A Cartersville resident once served as U.S. Attorney General, prosecuted the Ku Klux Klan and created the agency that became the FBI.
But few probably knew Amos Tappan Akerman’s place in state and U.S. history until the Georgia Historical Society recently put him in the spotlight among Georgians who advanced the cause of African-American residents in the century following the Civil War.
The Historical Society worked with the Bartow History Museum and the Savannah-based Waters Foundation Inc. to dedicate a new historical marker recognizing Akerman on the site of his former home on South Tennessee Street in Cartersville March 28.
Akerman served as the federal district attorney for Georgia in 1869 and then as U.S. Attorney General under President Ulysses S. Grant from 1870 to 1871 — defending black residents’ political and civil rights and prosecuting the Ku Klux Klan before being forced to resign, according to the Historical Society.
Bartow History Museum worked with the Historical Society for about a year to secure a spot for the marker recognizing Akerman, said museum director Trey Gaines.
Gaines said he believed the Cartersville man’s place in American and Georgia history was “not widely known” and was “eye-opening” to many.
Elyse Butler, who manages the Historical Society’s marker program, agreed with Gaines about Akerman’s relatively unknown place in state history.
Butler said the Akerman marker is one of a series her organization erected with funding from the Waters Foundation, which is headed by State Board of Regents Chairman Don Waters.
The Waters Foundation approached the Society about funding markers to honor some Georgians who contributed to the advancement of African-Americans in the state, Butler said.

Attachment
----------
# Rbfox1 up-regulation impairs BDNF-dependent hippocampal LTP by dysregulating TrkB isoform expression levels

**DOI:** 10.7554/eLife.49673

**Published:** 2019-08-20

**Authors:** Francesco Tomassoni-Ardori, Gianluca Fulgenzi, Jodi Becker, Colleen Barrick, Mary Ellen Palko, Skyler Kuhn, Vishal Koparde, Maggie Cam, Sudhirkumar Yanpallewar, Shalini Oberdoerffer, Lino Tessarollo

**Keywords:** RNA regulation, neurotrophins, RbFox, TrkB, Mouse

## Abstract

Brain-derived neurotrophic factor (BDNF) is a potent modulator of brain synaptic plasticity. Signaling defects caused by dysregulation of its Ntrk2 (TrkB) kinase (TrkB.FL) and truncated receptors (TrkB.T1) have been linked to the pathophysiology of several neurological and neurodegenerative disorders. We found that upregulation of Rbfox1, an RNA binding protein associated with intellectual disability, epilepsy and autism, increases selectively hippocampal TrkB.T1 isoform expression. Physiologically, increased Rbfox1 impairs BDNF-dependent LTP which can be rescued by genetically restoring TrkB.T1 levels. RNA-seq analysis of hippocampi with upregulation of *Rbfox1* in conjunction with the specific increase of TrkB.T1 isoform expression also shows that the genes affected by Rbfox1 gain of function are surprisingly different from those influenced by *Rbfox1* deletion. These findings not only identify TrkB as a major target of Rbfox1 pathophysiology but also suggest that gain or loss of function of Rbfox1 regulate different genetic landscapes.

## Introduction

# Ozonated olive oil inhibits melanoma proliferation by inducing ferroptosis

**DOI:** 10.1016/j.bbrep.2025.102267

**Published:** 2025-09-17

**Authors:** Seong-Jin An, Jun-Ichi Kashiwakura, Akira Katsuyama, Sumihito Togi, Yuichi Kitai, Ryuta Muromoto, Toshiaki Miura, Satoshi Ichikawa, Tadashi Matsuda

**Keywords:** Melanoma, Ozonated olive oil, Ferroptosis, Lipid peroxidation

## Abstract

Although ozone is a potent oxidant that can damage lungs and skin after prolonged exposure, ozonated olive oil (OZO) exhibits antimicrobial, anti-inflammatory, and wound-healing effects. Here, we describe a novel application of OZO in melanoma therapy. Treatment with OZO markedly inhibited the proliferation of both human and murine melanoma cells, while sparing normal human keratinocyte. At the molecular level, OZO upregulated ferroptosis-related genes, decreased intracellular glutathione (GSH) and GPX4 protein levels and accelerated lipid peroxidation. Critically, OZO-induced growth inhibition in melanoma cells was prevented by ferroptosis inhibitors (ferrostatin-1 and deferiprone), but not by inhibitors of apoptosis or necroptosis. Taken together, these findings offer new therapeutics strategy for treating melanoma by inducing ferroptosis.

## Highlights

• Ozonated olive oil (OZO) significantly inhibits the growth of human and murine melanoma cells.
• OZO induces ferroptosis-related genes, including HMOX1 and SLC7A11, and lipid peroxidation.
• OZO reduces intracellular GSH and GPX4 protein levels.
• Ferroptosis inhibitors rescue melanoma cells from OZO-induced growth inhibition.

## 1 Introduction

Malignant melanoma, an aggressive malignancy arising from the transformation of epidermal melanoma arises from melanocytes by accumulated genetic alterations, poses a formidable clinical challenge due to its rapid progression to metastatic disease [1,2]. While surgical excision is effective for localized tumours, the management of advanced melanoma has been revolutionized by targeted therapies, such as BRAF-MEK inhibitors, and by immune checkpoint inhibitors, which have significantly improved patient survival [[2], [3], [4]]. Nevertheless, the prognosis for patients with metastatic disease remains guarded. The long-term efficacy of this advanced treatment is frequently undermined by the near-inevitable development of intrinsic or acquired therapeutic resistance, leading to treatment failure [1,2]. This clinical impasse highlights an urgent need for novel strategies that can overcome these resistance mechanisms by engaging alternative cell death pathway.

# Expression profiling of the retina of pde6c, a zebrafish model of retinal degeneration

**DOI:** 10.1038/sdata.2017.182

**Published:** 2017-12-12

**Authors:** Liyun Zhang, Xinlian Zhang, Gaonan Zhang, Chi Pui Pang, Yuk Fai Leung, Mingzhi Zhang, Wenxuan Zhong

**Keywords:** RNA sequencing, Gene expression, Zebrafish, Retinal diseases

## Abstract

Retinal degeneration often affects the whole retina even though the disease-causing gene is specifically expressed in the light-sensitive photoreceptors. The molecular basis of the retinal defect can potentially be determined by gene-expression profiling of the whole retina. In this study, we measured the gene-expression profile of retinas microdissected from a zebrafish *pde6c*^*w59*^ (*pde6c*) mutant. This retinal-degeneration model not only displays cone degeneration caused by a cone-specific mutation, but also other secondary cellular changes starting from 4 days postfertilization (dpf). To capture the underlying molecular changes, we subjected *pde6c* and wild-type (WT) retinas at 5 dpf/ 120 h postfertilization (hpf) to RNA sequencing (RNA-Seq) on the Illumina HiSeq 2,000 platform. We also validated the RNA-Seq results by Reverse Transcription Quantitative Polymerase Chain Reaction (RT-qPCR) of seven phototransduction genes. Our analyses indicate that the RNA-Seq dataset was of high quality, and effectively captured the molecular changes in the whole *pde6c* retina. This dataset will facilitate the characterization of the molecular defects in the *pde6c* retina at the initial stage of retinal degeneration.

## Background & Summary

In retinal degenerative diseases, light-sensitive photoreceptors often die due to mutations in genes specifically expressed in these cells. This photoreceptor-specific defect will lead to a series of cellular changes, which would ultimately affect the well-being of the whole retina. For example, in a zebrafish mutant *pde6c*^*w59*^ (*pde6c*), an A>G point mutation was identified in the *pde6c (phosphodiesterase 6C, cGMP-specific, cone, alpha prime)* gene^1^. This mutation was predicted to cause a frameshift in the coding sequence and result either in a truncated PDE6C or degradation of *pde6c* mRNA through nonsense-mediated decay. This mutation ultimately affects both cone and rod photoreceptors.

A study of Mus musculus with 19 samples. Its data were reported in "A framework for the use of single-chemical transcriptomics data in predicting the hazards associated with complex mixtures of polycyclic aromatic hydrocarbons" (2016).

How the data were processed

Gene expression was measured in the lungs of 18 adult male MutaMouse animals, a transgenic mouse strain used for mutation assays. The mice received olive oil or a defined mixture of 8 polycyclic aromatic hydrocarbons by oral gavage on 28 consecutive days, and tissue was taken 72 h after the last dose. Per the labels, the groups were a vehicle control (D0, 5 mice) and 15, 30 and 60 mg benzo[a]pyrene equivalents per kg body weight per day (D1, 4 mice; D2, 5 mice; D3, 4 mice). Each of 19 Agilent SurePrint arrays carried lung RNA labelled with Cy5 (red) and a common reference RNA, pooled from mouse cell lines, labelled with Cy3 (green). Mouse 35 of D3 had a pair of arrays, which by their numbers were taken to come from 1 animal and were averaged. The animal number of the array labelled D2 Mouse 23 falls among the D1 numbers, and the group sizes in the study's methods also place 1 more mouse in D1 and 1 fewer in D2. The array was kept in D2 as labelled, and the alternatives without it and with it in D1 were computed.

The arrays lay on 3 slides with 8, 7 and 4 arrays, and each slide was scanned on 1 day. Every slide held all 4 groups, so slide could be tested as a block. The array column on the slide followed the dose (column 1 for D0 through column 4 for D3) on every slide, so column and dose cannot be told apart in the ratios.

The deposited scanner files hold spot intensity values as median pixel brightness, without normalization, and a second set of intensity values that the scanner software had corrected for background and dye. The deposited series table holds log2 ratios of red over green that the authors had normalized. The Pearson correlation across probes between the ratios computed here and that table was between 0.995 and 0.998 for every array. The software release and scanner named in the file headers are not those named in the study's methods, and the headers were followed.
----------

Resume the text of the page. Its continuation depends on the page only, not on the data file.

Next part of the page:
Akerman was included in the series at the urging of Society President and CEO Todd Groce and senior historian Stan Deaton, who knew of Akerman after researching his work extensively as a college student, Butler said.
The series also honored Susie King Taylor, who was the first black Georgian to teach openly in a school for former slaves in the state in the late 1800s; and former Savannah Mayor Malcolm Maclean, who worked to peacefully integrate the city in the early 1960s.
Akerman was a New Hampshire native who graduated from Dartmouth College and moved south. He tutored the children of U.S. Senator and former U.S. Attorney General John Macpherson Berrien in Savannah, which led to him studying law and working as an attorney in Clarkesville and Elberton.
He supported the Confederacy during the Civil War but joined President Abraham Lincoln’s Republican Party after the conflict ended, the historical society said in a press release.
Akerman then defended black residents’ political and legal rights in Chatham County, which reportedly led him to move his family to Cartersville after his actions proved unpopular in Elberton.
President Ulysses S. Grant appointed him federal district attorney for Georgia in 1869 and U.S. Attorney General in 1870, where he organized the then-new Justice Department’s first investigative unit and forerunner of the FBI.
“He aggressively prosecuted the Ku Klux Klan for political terrorism and violence against African Americans before his forced resignation in 1871,” the historical society wrote on his marker.
After his death in 1880, Akerman was buried in Cartersville’s Oak Hill Cemetery.
Among the speakers at the March 28 dedication ceremony at the Booth Western Art Museum were Larry Thompson, former U.S. Deputy Attorney General for Georgia under President George W. Bush.
Other speakers were Waters, who is also a Georgia Historical Society Board of Curators member; and Georgia Attorney General Chris Carr; Walter M. “Sonny” Deriso, chairman of the Georgia Historical Society Board of Curators; Gaines and Groce. Former UGA football coach Vince Dooley, a Board of Curators member, also attended.